The security industry has a mindset problem. For years, businesses have operated with the "might" mentality -- that they might get attacked someday, unless they do something to prevent it. The reality, though, is that all organizations, whether they are public, private or non-profit, are being analyzed, tested and exploited by malicious entities constantly. These entities' motivations may differ between industries, but the fact is that someone, somewhere is trying to break in, and the odds are in their favor.
If you acknowledge that you are under attack -- today, right now -- then it becomes possible to shift your mindset towards protecting your organization. Focusing on detection and remediation gives you a better chance of limiting the damage to your business once an incident happens.
However, in order to respond to an incident, you first have to recognize that one has actually occurred. The statistics are still quite troubling in this area, with the majority of breaches being identified by external third parties and not by an organization's internal teams. Verizon's 2017 Data Breach Investigations Report found that 89% of all breaches caused by miscellaneous errors were discovered by external parties -- 76% of which were a customer. This leaves little opportunity to remediate the threat in a meaningful way, i.e. prior to data exfiltration.
Once you understand that (unfortunately) you as an organization are unlikely to identify a certain portion of threats, ensuring that you maximize your detection capabilities is critical. Here are a few ways to do so.
- Reduce false positives. The primary means of maximizing detection capabilities is by reducing false positive alerts coming from your existing security infrastructure. Once the fidelity of alerts viewed by the security operations center (SOC) is acceptable, this is where your incident response plan comes into play.
- Have a plan (any plan!). Having a plan for incident response is crucial. There are multiple frameworks, products and guidelines that can be leveraged for this purpose, so it's important to find the one that makes the most sense for your business. An organization must have a predetermined incident response plan to have any chance of success.
- Practice makes perfect. If you work under the assumption that a breach is imminent, you will be better prepared to react when an incident occurs. Build a red team and test your infrastructure and SOC's response times. The incident response process needs to be a well-oiled machine, and the only way to accomplish that is by conducting hands-on drills.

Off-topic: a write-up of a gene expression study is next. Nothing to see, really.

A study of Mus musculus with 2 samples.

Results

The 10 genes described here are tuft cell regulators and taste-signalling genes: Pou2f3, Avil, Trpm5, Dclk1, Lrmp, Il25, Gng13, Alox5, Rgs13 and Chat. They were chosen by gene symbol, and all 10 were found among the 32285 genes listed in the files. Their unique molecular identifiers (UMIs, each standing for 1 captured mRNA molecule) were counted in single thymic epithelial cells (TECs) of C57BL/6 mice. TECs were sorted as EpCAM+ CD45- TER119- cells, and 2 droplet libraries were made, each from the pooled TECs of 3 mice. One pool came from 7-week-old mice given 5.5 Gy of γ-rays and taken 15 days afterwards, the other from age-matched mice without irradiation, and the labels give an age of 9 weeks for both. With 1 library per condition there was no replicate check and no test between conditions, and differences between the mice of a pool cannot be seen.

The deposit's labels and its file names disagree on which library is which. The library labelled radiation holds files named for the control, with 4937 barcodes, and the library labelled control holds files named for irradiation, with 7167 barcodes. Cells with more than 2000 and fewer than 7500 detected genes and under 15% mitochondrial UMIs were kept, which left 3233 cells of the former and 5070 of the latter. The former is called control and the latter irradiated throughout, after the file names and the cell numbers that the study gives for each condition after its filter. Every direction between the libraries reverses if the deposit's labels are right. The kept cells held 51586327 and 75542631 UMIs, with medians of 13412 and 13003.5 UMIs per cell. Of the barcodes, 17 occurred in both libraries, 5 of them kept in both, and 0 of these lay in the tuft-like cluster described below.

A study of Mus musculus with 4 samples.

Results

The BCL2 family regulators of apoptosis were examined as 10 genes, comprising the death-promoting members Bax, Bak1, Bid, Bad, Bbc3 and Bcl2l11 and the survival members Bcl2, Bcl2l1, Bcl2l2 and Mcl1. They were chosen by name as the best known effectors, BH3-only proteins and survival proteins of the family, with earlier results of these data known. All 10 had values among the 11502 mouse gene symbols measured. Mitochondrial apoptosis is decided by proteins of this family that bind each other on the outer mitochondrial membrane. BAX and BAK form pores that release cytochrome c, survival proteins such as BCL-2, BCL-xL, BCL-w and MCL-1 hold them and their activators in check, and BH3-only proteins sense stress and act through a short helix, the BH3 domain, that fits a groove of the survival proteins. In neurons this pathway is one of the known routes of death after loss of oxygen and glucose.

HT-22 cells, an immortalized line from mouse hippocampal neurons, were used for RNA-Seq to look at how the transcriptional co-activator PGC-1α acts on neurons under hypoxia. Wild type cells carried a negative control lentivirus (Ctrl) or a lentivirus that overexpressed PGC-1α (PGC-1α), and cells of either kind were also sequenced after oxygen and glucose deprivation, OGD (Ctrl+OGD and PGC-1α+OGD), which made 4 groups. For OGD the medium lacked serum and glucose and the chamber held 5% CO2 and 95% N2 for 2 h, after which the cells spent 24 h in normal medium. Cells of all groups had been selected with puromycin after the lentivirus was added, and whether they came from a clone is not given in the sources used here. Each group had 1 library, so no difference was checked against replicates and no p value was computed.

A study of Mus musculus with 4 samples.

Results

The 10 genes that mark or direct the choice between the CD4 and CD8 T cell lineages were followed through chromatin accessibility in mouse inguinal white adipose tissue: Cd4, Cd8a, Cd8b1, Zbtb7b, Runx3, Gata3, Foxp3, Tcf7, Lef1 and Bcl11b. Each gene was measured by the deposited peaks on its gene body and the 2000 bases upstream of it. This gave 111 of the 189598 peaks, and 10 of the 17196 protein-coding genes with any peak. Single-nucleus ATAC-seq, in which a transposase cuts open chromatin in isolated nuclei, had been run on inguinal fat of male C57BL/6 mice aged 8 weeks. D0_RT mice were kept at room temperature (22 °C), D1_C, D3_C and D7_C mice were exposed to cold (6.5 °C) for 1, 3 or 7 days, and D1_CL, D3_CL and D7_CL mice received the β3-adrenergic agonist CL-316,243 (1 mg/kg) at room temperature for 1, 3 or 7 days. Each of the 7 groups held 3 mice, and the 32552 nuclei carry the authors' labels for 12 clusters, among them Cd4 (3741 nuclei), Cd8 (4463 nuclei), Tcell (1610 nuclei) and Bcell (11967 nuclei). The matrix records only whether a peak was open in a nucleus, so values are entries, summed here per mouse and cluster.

Of course, this is not to say that prevention should be ignored. There are still necessary tactics that should be put in place to help your organization's overall security, such as limiting access to critical infrastructure -- if someone doesn't need access to "X," they should not have access to "X." This applies to both users and machines -- web server "Y" should not be able to reach database "Z" unless absolutely necessary.
And while investing in quality security products remains important in any enterprise security strategy, they need to be coupled with a security team that knows how to implement these products and get results. These security products are simply tools in a human analyst's security tool belt. Firewalls, intrusion prevention systems, anti-virus solutions, SIEMs and sandboxes all exist to reduce risk and exposure, but at the end of the day, a well-trained analyst is an enterprise's best defense.
Many will argue that subsets of artificial intelligence (AI), such as machine and deep learning, are a bigger key to success than actual employees. However, those of us who are realists understand that while these technologies may be effective in certain, specific use cases today, we are decades away from AI replacing most solutions (and humans) that are employed today.
With your security team -- and ideally, the full organization -- on board with an "imminent breach" mentality, the chances of limiting damage when an attack hits are much higher. By coupling a strong security team with the right tools and processes for when -- not if -- the worst happens, your organization will be in a stronger position to protect itself.
— Craig Dods is the Chief Architect for Security within Juniper Networks' Enterprise Business.